Memo February 2008
A memo sent to correspondents, friends and acquaintances of the Budapest Observatory (BO) in February 2008
Farewell to Mark Schuster, a kind and helpful colleague, and a genuine authority in cultural policy studies, who passed away in February.
In the old days going to cinema was a rather plebeian pastime, particularly in our part of Europe. Things have changed, in our time going to the movies correlates with high GDP:
The diagram, showing per capita cinema-going in 2007, has been derived from the latest press release of the European Audiovisual Observatory.
The graph above is a visual illustration of the very slow vanishing of the Berlin wall (iron curtain, Oder-Neisse line) divide. See one more example, this time selected from the latest European student barometer, showing how much engineering students from various countries expect to earn during a year at their first job.
Certain attitudes also reflect the west-east divide. It is, for example, characteristic for easteners not to make themselves heard in the disputes around the Unesco convention on cultural diversity. Which, in our region, tends to be regarded as a solemn tribute to the many faces of culture, and is rarely associated with the pedestrian world of trade agreements. (A recent survey proves that members of EFAH also link cultural diversity sooner to intercultural dialogue than to market forces.)
Said dispute is about the effect that the Unesco convention exerts on internal regulations of the European Union. Whether it obliges the Commission, when it works on trade and market rules, to really "take cultural aspects into account", according to the pious wish of Article 151? Members of the culture committee of the European Parliament keep the issue on the agenda. On 27 February a public hearing was held on the subject, about which an energetic parliamentarian gave a first hand account to a group in Krems, including BO. MEPs appear to be more determined than the culture sector in the Commission, who seem to feel more at ease at celebratory actions than to dealing with shrewd lawyers at the trade and competition departments.
Why in Krems? Because of EU XXL, a film festival combined with meetings and debates. The peculiar performance of EU XXL is that there dry and heavy cultural policy stuff is turned sexy. Top specialists help formulate proposals about subjects like creative content online, rights management and electronic communications framework. This year's EU XXL forum produced a five-page Resolution, presented to and discussed with representatives of the European Parliament and the Commission. No easy reading, a collection of professional standpoints on a number of issues at stake in the process of European legislation in the audio-visual field.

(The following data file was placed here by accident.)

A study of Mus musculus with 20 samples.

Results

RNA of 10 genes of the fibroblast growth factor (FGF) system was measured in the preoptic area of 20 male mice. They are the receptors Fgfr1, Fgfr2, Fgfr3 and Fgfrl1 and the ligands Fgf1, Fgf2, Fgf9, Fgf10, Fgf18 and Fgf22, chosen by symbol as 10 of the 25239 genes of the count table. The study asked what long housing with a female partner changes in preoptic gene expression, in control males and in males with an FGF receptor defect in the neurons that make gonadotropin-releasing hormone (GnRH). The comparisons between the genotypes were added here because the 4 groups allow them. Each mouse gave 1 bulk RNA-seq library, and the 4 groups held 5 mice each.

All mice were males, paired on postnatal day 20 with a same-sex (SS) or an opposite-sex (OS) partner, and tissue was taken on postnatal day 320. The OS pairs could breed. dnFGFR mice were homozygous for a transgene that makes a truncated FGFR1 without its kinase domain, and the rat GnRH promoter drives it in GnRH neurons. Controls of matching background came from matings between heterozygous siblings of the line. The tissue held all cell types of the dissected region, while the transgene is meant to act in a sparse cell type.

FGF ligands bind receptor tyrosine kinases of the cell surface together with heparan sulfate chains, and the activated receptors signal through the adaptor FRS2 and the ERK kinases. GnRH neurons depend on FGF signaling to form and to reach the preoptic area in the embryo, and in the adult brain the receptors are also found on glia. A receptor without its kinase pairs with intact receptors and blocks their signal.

Film music was one of the selected themes for discussion. BO learned from a French participant, en passant, that it was a hundred years ago that Camille Saint-Saens composed the first music specifically for use in a film.
Krems is in (Lower) Austria. Another diagram from the source cited above, tells about the market share of home made films. The leading position of France (in the EU) was predictable. The one but last place of Austria, with 1,8%, is no big surprise, either. This share, however, will surely go up, since the 2008 Oscar for the "Best Foreign Language Picture" went to an Austrian film: Die Fälscher - The Counterfeiters.
The calls for two prestigious resources for young people in the cultural sector testify about the expansion of range of activities by three organisations. The Bratislava based Central European Foundation, and KulturKontakt, Vienna have joined the Felix Meritis Foundation in running the Gulliver connect mobility programme (hurry up, short deadline!); while the European network of cultural administration and training centres (ENCATC) has taken over the management of the cultural policy research award for the young, announced in conjunction with the European Cultural Foundation and the Riksbankens Jubileumsfond.
BO regrets not being able to attend the 10th birthday of a unique organisation, the Truc sphérique, who reside in a railway station in the Slovak city of ilina, hence their other name of Stanica (station). The building functions as a cultural centre but you can also find the schedule of trains at top left on their web site. As an independent multi-disciplinary cultural centre, Stanica is of course member of TEH Trans Europe Halles, the network of 43 such places, and is also displayed by Artfactories.
Truc sphérique was the main driver behind the cultural strategy document for the ilina region. It is not easy to identify links between the jolly Stanica group and the 130 page policy opus that creates awe in the reader.
Truc sphérique was inspired by the Dutch regime of transparent medium term cultural planning, which has admirers from many corners. Later this week we shall find out whether indeed the cultuurnota system stands before revision? Also: what is common, and what is different between cultural policies in Flanders and the Netherlands - under Hungarian eyes?